McClatchy Washington Bureau
Posted with permission from Tribune Content Agency

WASHINGTON — The Trump administration released a sweeping report Friday that pegged man-made climate change to droughts and wildfires in California and the West, but for reasons you may not expect.

Scientists have uncovered little evidence that climate change is a driver of reduced rainfall and snowfall in the region, including during the drought of 2001-15. But studies have found strong links that higher temperatures, caused by climate change, have reduced soil moisture in California and other states. That in turn has affected farm operations and dried out vegetation, creating fuel for wildfires.

"Much evidence is found for a human influence on surface soil moisture deficits due to increased evapotranspiration caused by higher temperatures," said the congressionally mandated National Climate Assessment, an annual review of scientific literature on climate change affecting the United States.

Evapotranspiration is the process by which water transfers from the land to the atmosphere through soil evaporation and transpiration from plants. The National Climate Assessment said that man-made climate change has unequivocally increased the risk of high temperatures during the winters of 2013 — 2014 and especially 2014 — 2015, "further exacerbating the soil moisture deficit and the associated stress on irrigation systems."

Official Washington was surprised that the White House would release a report that contradicts President Donald Trump's position that man-made climate change is a "hoax." Since taking office, Trump has sought to remove the United States from the Paris Agreement, an international effort to reduce greenhouse gas emissions, and has appointed climate change doubters such as Scott Pruitt and Rick Perry to head the U.S. Environmental Protection Agency and the Energy Department.

Yet this first volume of the Fourth National Climate Assessment hasn't been finalized. Further draft volumes are forthcoming, and will be subject to public comment. The final report will then head to Congress and Trump, who could have his science adviser review it. Trump has yet to appoint a science adviser.

At least one prominent Trump supporter suggested Friday that the administration might have preferred to shelve the report, but was unable to do so. "That's a bedwetting Obama admin report that could not be halted due to understaffing," tweeted Steve Milloy, a lawyer with oil industry ties who regularly refers to climate change research as "junk science."

The report makes clear that greenhouse gas emissions and other human activities are the major cause of average global temperatures increasing 1.8 degrees over the last 115 years. There's "no convincing alternative explanation," the report states.

"Global climate is projected to continue to change over this century and beyond," it adds, offering projections on the melting of ice sheets, sea-level rise and other expected effects. "The magnitude of climate change beyond the next few decades will depend primarily on the amount of greenhouse (heat-trapping) gases emitted globally and on the remaining uncertainty in the sensitivity of Earth's climate to those emissions."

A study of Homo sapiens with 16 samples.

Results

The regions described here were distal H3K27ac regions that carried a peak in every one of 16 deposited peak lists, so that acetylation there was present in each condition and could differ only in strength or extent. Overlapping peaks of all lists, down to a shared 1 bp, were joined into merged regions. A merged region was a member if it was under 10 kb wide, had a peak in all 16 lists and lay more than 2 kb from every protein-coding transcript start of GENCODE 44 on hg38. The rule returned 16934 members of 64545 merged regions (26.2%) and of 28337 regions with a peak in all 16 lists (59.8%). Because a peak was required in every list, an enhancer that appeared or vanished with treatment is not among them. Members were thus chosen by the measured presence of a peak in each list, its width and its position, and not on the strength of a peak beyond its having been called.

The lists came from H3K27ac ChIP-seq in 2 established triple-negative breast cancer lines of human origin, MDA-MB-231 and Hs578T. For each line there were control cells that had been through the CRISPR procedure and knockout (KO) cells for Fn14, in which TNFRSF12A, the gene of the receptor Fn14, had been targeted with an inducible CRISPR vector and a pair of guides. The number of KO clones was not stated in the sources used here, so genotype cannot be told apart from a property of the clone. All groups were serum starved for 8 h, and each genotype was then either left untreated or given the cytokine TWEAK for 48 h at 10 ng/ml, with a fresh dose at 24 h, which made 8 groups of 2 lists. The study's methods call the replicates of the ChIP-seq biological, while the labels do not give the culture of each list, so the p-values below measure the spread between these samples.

In separate chapters, the report evaluates where evidence is strong or inconclusive about human climate impact. For example, the report states there is only "medium confidence" that man-made climate change has contributed to warmer conditions in the Atlantic Ocean since the 1970s and these changes have contributed to an increase in hurricanes.

There is also only mid-range confidence that climate change will cause an increase in the frequency and severity of "atmospheric rivers" that can cause serious flooding in California and other western states.

By contrast, the report states there is high confidence that climate change has contributed to an increase in large forest fires in the West and Alaska since the 1980s, and that those fires are "projected to further increase in those regions as the climate warms." The report is based on peer-reviewed studies published well before the October wildfires in Northern California, which some scientists say show signs of being related to climate change.

California and the West have long experienced droughts, with the geologic record suggesting that some dry periods have lasted decades. Those droughts were caused by shortfalls of rain, snow and runoff. What worries scientists is that an increasing number of future droughts will be influenced by higher temperatures and higher evapotranspiration.

Those temperatures, combined with higher soil moisture deficits "raise the question, as yet unanswered, of whether droughts in the western United States are shifting from precipitation control to temperature control," the report states.

The question is tricky, in part because soil moisture records in the West are uneven, and some studies are unable to document climate change impact on soil wetness. There is strong consensus that future warming will dry out soils, but the depth of that evaporation will depend on temperatures and other factors.

The National Climate Assessment is one of two recent reports with dire warnings of climate change. The Lancet, a medical journal, released a study this week analyzing the impacts of severe heat waves and other expected effects. Between 2000 and 2016, the number of vulnerable people exposed to a severe heat wave has increased by around 125 million, the report found.

So far, climate change alone has forced at least 4,400 people to migrate because of heat, water shortages, drought and other effects, the Lancet report states. It projects there could be more than 1 billion climate change migrants by the end of the century.